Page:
December 18, 2017
Netflix might be sweating a bit following the news of a Disney/Fox merger, given Disney’s upcoming rival service, but there’s no disputing the video streaming service’s dominance over the current market. How could you, when Netflix is responsible for nearly a third of all home entertainment revenues in the nation and 82 percent of kids raised on the service don’t even know what commercials are.
But one comment from this year’s Q1 earnings call drew plenty of attention and deserves revisiting as we close out the year: CEO Reed Hastings’ claim that sleep itself is their main competitor.
“They’re doing great programming, and they’ll continue to do that, but I’m not sure it will affect us very much. Because the market is just so vast. You know, think about it, when you watch a show from Netflix and you get addicted to it, you stay up late at night. You really — we’re competing with sleep, on the margin,” he said in the call.
Just what is the relationship between one’s sleep and one’s Netflix viewing habits? Does Netflix hurt your sleep? The good folks at Amerisleep recently surveyed over 1,300 people to bring TechCo an exclusive report detailing the answer.
More Netflix, Less Sleep
The study found a correlation between those who overwatch on the streaming service and those who went to sleep later than the wanted.
“In our survey,” an accompanying blog post says, “Americans who admitted to regularly staying up to watch Netflix went to bed 26 minutes later on average than those who rarely or never used the popular streaming platform. They also got less sleep (by more than 10 minutes) than Americans who said they didn’t use Netflix and were more likely to get less than seven hours of rest each night.”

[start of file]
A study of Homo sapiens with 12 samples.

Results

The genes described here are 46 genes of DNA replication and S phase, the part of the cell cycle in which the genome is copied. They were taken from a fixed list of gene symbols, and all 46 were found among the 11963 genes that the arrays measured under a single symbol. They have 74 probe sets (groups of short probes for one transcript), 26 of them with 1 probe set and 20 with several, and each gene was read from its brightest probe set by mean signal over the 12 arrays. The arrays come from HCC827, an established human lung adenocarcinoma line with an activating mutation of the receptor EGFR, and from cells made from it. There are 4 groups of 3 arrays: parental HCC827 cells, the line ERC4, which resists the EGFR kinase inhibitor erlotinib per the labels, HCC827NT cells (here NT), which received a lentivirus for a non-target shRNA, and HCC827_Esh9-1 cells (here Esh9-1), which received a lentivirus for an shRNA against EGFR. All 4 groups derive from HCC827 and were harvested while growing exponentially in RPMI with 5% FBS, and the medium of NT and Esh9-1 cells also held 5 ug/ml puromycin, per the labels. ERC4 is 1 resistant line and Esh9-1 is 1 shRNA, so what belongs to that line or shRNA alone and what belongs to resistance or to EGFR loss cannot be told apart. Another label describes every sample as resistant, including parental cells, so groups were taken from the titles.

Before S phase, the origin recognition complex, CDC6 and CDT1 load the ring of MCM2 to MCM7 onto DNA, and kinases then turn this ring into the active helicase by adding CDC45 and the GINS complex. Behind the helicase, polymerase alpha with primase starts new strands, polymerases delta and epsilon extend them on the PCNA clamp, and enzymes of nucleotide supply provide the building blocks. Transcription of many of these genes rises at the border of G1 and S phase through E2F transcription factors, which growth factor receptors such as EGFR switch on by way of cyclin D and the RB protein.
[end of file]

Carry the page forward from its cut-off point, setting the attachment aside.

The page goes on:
The worst reason why viewers couldn’t stop to catch the requisite number of Zs? The “addictive nature of their favorite shows,” according to 46 percent of respondents.
Take a look through the study’s accompanying infographic below for the rest of the reasons. It appears Hastings’ claim is validated by the data, given the hints it drops at the ways in which Netflix is winning its battle on its customers’ healthy sleep habits. If you can’t summon the energy to stop that autoplaying episode feature, you’ll see Netflix hurt your sleep every time.
Perhaps a better question might be whether another episode of your favorite show is worth losing that precious sleep over. That said, I definitely should have skipped that second episode of Dark I watched last night, so I’m not about to cast the first stone here.